1. Step 1: Blame yourself.
2. Step 2: Realize gay marriage is inevitable. Statistics show people’s views are rapidly changing on the issue.
3. Step 3: Imagine how stupid you’ll look in 40 years.
5. Step 4: Listen to Louis CK.
6. Step 5: Let go of the idea that same-sex marriage is ruining the sanctity of marriage argument.
7. Step 6: Take a closer look at the Bible.
9. Step 7: Read their story and watch their video. Try not to cry.
Ed Watson was 78-years-old with Alzheimers. He was worried that by the time the court finally ruled on Prop 8, he wouldn’t be able to recognize Derence, his partner of over 40 years.
Unfortunately Ed passed away in December. He was never able to marry Derrence.
11. Step 8: Take a look at the people in your own life. How many couples do you know that have stayed together as long as these couples?
Maureen and Cindy have been together for 37 years. They live in New Jersey with their 2 children. They cannot get married.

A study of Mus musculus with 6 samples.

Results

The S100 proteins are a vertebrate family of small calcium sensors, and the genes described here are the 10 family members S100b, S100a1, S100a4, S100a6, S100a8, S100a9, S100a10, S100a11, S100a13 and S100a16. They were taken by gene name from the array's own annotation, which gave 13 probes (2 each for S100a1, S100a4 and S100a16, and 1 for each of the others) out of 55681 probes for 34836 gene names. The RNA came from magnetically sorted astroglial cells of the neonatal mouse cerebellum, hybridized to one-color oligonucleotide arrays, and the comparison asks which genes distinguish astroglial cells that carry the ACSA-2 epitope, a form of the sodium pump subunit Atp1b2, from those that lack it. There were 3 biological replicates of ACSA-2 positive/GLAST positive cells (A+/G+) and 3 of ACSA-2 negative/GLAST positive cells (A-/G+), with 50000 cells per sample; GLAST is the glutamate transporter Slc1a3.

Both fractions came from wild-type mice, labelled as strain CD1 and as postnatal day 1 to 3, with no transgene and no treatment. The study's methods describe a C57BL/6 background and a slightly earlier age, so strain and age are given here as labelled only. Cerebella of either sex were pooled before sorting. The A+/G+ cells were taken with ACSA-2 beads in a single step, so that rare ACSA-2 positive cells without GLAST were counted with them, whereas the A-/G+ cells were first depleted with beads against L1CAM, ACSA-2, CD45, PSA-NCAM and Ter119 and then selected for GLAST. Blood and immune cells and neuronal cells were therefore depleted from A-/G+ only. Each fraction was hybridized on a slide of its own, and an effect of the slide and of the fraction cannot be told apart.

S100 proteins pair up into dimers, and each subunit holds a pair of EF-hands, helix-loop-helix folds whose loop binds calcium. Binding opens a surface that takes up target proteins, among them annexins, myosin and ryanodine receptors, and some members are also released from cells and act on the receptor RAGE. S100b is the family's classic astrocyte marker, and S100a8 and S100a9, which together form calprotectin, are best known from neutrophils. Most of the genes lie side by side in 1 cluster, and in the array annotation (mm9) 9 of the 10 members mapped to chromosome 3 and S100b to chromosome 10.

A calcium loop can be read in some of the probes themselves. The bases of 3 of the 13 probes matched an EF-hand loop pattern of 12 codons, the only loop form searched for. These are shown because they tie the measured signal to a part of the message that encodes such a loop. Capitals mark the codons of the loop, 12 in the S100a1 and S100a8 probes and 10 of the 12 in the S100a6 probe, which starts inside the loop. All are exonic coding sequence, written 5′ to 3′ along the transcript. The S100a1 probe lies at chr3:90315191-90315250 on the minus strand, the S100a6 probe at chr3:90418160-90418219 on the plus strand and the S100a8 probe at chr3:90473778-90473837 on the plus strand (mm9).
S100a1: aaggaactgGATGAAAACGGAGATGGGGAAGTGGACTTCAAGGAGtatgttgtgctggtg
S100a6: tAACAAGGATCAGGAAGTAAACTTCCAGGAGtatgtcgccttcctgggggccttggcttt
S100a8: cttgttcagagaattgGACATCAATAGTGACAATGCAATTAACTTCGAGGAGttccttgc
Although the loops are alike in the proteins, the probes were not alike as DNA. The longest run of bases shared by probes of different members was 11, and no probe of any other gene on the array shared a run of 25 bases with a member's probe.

Kathy Glass and Carmah Lawler have been together for over 30 years and are from Colorado. “Kathy has a way of being able to laugh at almost anything even though at our age there aren’t that many things to laugh about,” says Carmah.
Lee & Bert have been together for over 25 years. They live in Illinois. Recently, Bert had a heart attack and Lee and wasn’t allowed in the emergency room because they weren’t married. Lee had to tell the nurse his marital status was single even though he had been with his partner for 25 years.
14. Step 9: Imagine their wedding.
15. Step 10: Look how happy these people are.
27. Come on, seriously.
28. Step 11: Ask yourself if you could say no to these kids?
31. Step 12: Ask yourself if you could say no to Neil Patrick Harris?
32. Step 13: Look at the consequences.
33. Step 14: Imagine the alternatives.
- New Jersey Gov. Chris Christie, a Republican who's faced political fallout from the "Bridgegate" scandal, is running for president.
- Senior staff at the Clinton Correctional Facility in upstate New York were placed on administrative leave.
- Misty Copeland has become the first black female principal dancer in American Ballet Theater's 75-year history.